Kingsman teams up with their American cousins to bring down a psychopathic drug lord in Kingsman: The Golden Circle. A year has passed since Eggsy Unwin (Taron Egerton) became of a full agent of the Kingsman spy organization, even though he deeply misses his fallen mentor Harry Hart (Colin Firth). However, a terrorist organization known as the Golden Circle, run by ditsy drug lord Poppy Adams (Julianne Moore), hacks into Kingsman and destroys all of its headquarters as agents. With Eggsy and Merlin (Mark Strong) being the only surviving agents, they travel to Kentucky to seek the assistance of Kingsman’s American counterpart Statesman, headed by Champagne (Jeff Bridges). It is there that they a fully alive Harry Hart, who was saved by Statesman, yet suffers from some amnesia and brain damage from his bullet wound.
Matthew Vaughn returns with a sequel to his 2014 action/spy/comedy Kingsman: The Secret Service, which in turn is based on the comic book series by Mark Millar and Dave Gibbons. This new adventure has the Kingsman headquarters destroyed, leaving Eggsy to team up with the cowboy-based agency Statesman, whose agents include Ginger (Halle Berry), Whiskey (Pedro Pascal), and Tequila (Channing Tatum). The save the world situation this time is to stop 1950s-obsessed drug tycoon Poppy Adams, who has placed a poison in her product, which endangers the lives of millions of people around the world.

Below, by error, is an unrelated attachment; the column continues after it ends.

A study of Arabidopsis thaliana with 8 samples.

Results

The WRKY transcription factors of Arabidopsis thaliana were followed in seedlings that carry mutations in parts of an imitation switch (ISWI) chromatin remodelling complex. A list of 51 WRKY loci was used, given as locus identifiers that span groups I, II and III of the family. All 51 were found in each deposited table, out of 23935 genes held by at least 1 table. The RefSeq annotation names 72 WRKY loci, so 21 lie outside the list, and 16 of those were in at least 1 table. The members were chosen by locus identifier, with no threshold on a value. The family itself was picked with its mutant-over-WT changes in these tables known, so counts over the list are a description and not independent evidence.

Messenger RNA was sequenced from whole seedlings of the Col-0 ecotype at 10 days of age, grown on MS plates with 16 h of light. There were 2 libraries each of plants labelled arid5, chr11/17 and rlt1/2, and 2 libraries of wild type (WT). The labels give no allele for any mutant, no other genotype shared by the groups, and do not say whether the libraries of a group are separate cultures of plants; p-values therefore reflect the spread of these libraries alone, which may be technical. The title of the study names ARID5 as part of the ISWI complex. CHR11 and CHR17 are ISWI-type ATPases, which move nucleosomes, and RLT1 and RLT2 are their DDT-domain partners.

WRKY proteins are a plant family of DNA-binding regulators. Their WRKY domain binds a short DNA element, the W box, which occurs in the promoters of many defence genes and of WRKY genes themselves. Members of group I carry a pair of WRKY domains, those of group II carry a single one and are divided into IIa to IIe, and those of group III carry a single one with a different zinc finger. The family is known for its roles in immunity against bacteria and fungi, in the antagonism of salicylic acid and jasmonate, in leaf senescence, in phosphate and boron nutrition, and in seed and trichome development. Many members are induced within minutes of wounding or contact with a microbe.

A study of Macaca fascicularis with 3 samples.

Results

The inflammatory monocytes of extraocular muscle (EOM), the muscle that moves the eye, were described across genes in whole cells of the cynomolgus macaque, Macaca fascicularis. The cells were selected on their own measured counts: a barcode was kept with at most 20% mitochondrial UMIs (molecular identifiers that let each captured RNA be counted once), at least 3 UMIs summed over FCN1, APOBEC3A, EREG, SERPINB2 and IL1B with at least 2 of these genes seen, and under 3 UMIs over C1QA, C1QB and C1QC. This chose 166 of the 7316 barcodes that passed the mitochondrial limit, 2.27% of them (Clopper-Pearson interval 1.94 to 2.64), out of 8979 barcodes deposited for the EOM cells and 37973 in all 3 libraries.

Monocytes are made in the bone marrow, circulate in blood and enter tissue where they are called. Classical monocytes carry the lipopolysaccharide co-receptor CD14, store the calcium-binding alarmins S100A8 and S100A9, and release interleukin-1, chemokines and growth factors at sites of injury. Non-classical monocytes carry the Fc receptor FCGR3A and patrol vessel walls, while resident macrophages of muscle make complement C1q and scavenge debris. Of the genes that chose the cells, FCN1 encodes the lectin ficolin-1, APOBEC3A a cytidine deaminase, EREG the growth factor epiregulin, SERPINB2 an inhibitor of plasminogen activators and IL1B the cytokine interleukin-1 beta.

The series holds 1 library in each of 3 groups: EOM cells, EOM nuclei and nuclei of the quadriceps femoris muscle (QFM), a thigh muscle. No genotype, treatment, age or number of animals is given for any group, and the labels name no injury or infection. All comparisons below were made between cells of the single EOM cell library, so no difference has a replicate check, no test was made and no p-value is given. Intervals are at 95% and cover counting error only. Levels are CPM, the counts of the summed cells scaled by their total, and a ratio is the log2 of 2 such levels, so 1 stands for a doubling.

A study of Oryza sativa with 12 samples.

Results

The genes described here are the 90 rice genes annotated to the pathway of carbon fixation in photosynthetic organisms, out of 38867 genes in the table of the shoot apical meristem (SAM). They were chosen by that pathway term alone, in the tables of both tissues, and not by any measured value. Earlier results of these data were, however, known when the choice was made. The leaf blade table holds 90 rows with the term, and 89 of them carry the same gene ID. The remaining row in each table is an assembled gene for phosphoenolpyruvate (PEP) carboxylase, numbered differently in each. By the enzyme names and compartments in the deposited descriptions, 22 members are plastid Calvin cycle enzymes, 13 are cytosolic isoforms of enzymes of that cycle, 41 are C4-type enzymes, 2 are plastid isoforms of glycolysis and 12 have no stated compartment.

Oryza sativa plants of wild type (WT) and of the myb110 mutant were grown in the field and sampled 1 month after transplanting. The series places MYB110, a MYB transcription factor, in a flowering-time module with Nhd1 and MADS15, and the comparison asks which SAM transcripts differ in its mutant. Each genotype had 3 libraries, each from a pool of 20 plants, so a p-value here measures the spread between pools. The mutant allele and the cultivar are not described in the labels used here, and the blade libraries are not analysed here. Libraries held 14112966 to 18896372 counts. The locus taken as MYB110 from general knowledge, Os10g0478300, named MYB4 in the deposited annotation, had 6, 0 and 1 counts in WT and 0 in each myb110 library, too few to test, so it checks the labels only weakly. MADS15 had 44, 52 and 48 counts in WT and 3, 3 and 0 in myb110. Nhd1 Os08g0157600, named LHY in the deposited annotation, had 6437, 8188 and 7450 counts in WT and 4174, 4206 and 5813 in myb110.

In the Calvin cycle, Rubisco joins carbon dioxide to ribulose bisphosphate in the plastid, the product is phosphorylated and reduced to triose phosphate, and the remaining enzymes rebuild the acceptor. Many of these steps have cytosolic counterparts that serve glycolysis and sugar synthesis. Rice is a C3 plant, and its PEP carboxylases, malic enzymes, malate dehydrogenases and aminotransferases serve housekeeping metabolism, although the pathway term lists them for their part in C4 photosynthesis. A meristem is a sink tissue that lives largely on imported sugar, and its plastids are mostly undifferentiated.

In the set-up for this sequel, Matthew Vaughn goes for a G.I. Joe: Retaliation like soft reboot in the first act, destroying Kingsman headquarters and killing off most of the returning supporting characters. This leaves Eggsy the sole survivor, along with fellow-agent Merlin. This sets up the introduction of the Statesman and the surprising return from the dead for Harry Hart, whose survival from a gunshot wound to the head is explained by some high tech exposition. However, another somewhat unexpected return in the film is rescued Swedish Princess Tilde (Hanna Alström), who was the punchline of a sex joke in the first film, but is now in a relationship with Eggsy, with the latter’s duties as an agent causing some tension.
While Kingsman: The Secret Service was a pretty enjoyable and hyper-violent action-spy film, there are many elements of Kingsman: The Golden Circle that come off as much more generic. Julianne Moore is not as interesting as Samuel L. Jackson as the film’s villain, with her big gimmick being that she is incredibly ditsy and happy, despite being a complete psychopath. However, there is a scene-stealing turn by Elton John, who is kidnapped by Poppy and is often seen throwing f-bombs at her. I also have to note that the climax of Kingsman: The Golden Circle does feature a level of entertainment on par with the original, even though it does take quite a while to get there, with the film having a nearly two and half hour run time.
Altogether, Kingsman: The Golden Circle suffers from some sequelitis, but is still generally an entertaining watch.